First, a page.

Sri Lanka has less than a day's worth of fuel left, the energy minister said on Sunday, even as the cash-strapped nation extended school closures for one week because there isn't enough fuel for teachers and parents to get kids to classrooms. Petrol and diesel queues snaked through the capital for kilometres, though most pumping stations have been without fuel for days.
Energy minister Kanchana Wijesekera said petrol reserves in the nation were 4,000 tonnes, just below one day's worth of consumption. "The next petrol shipment is expected between the 22nd and 23rd (of July)," he said. "We've contacted other suppliers, but we can't confirm new supplies before the 22nd." Last week, Sri Lanka announced a two-week halt to all fuel sales except for essential services to save petrol and diesel for emergencies.
Most shops were closed on Sunday, with the situation expected to worsen when banks and offices reopen on Monday. Desperate people were seen trying to flag down the few vehicles on the road hoping for a ride. Privately owned buses, which account for two-thirds of the country's fleet, said they operated a skeleton service on Sunday as they were badly affected by the fuel shortage.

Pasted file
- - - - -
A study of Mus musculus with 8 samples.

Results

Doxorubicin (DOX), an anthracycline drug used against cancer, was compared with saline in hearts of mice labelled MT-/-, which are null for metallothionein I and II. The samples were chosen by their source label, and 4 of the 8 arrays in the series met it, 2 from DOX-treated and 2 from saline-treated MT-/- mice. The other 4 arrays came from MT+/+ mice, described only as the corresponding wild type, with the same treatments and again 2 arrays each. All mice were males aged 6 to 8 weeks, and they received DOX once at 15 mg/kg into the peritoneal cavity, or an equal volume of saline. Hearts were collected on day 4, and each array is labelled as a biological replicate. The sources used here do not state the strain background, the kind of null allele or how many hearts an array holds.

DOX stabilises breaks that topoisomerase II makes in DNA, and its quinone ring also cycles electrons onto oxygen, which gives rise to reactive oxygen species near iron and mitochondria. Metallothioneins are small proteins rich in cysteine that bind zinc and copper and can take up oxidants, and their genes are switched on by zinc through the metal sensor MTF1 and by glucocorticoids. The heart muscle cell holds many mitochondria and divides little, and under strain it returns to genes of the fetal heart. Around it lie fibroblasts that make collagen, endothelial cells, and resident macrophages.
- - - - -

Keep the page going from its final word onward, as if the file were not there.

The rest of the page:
Last month, schools were closed nationwide for a day due to fuel shortages and had remained closed for the last two weeks in urban areas. Schools will remain shut until Friday. Meanwhile, the energy minister appealed to the country's expatriates to send money home through banks to finance new oil purchases. "Finding money is a challenge. It's a huge challenge," Wijesekera said.